The Disciplinary Process of a Certified Contractor in Florida: Part Two

In the first part of this series I discussed the disciplinary process leading up to the Probable Cause Panel (“Panel”) proceedings.  This article will discuss how an Administrative Complaint is properly filed to initiate formal discipline on a licensee, and the decisions that a licensee must make once an Administrative Complaint is filed.  The Department must abide by the provisions in Chapter 120, Florida Statutes, as this governs formal disciplinary proceedings regarding license holders in the state of Florida.

Once a month, the Panel is tasked with reviewing case files that contain a recommended Closing Order, Administrative Complaint, or Dismissal.  These proceedings are a requirement of section 455.225, Florida Statutes.  Prior to the Department initiating disciplinary proceedings on a licensee, the Panel must find that probable cause exits concerning the violations alleged in the Administrative Complaint.

After the Panel makes its determination and directs the Department to file an Administrative Complaint, the licensee will be served at his/her address of record.  It is vital that a licensee maintains an updated address.  The reason being, Chapter 120, Florida Statutes, only requires a licensee to be served at his/her address of record.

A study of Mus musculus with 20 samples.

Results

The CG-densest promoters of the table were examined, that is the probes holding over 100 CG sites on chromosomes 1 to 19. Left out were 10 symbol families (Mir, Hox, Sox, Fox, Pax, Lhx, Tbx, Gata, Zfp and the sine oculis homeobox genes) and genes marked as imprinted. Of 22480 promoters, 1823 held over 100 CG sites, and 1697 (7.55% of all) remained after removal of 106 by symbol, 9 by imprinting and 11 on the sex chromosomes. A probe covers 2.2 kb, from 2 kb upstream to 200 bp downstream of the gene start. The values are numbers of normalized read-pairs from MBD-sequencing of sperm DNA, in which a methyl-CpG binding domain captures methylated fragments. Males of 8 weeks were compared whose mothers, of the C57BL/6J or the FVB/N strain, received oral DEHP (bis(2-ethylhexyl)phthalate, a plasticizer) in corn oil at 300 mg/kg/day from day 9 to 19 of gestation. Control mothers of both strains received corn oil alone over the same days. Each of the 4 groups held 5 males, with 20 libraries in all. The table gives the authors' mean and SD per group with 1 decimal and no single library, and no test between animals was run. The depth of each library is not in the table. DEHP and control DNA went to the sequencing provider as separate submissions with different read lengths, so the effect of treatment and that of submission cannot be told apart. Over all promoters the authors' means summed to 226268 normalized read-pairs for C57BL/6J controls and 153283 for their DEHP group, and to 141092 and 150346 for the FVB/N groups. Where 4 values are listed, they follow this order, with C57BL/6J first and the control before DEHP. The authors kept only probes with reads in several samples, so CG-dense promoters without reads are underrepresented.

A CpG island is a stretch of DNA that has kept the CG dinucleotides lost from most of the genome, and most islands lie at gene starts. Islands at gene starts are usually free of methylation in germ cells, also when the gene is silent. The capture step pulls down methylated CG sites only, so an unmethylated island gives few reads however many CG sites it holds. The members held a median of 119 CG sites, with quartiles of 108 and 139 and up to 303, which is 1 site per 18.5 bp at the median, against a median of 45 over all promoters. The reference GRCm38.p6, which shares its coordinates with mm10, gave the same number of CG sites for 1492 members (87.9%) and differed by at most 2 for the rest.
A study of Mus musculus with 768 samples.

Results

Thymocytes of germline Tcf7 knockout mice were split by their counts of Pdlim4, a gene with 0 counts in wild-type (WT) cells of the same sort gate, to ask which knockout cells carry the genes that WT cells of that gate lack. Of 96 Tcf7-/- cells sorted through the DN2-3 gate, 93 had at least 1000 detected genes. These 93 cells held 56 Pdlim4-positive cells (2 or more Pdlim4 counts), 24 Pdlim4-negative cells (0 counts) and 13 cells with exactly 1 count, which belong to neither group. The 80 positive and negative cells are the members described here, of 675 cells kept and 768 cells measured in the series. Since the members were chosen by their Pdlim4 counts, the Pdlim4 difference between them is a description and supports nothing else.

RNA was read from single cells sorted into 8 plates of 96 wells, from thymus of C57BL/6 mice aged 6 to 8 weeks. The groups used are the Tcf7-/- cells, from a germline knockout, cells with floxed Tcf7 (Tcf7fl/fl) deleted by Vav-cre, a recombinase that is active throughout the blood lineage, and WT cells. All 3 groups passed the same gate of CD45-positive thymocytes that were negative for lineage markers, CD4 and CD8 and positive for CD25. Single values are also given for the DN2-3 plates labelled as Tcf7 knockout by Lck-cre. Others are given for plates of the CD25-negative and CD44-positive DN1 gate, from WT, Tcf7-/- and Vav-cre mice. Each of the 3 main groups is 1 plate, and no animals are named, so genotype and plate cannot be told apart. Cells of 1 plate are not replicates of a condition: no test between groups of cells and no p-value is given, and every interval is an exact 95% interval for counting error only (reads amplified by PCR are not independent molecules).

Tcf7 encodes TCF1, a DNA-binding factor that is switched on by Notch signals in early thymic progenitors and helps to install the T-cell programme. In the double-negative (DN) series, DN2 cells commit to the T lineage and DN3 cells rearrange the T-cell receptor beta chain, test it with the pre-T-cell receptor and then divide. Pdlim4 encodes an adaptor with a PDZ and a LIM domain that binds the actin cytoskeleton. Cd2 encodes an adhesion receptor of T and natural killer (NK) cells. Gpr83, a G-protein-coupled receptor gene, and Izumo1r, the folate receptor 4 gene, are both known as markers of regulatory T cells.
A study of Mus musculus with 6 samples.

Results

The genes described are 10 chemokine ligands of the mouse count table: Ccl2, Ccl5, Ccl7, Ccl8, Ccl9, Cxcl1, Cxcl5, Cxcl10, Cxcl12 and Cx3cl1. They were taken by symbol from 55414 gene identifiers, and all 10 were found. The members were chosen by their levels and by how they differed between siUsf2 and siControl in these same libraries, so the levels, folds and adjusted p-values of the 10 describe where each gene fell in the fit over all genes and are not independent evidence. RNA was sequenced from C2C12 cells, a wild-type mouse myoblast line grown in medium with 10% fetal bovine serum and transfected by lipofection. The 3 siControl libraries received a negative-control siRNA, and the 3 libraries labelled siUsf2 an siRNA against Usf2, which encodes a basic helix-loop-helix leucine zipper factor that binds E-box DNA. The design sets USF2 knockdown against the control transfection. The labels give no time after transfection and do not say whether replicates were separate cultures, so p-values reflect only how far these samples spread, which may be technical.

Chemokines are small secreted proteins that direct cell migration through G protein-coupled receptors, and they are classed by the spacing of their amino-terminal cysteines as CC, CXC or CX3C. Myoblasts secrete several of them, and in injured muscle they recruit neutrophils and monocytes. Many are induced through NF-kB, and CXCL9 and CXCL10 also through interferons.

How a licensee responds to an Administrative Complaint will greatly affect the potential discipline administered on his/her license.  Chapter 120, Florida Statutes, requires an Election of Rights (“EOR”) to be filed within twenty-one (21) days of receipt.  There are essentially two options a licensee should consider:

  1. Elect a Formal Hearing – disputing material facts alleged in the Administrative Complaint.
  2. Elect an Informal Hearing – not disputing material facts, but would like to provide the Board with mitigating factors regarding the allegations in the Administrative Complaint.

The Department will serve an EOR form with the Administrative Complaint, which is intended to simplify the process for licensees, resulting in a valid and timely response.  There are instructions on the second page of the form regarding how to complete the document.  It is imperative that a licensee reads the form, and understands it in its entirety, prior to completing and filing with the Department.

If the Department does not receive a response within the required twenty-one (21) days, the Department will publicize the Administrative Complaint on its website for four (4) straight weeks.  If a licensee fails to respond, it is deemed a waiver of their right to dispute the allegations in the Administrative Complaint.

For discipline to be issued against a licensee, the Board will review the entire case file at a duly noticed Final Action Hearing and must issue a Final Order detailing the discipline administered.  Typically, the Department issues the following types of discipline:

  1. Administrative fines and costs
  2. Probation
  3. Continuing education
  4. Revocation of license

All discipline must be completed within a certain timeframe that is identified in the Final Order, assuming the license is not revoked.  If a licensee does not comply with a Final Order within the required timeframe, their license is immediately suspended.  Considering one’s license correlates with their livelihood, it is crucial for a licensee to properly respond if an Administrative Complaint is filed against their license.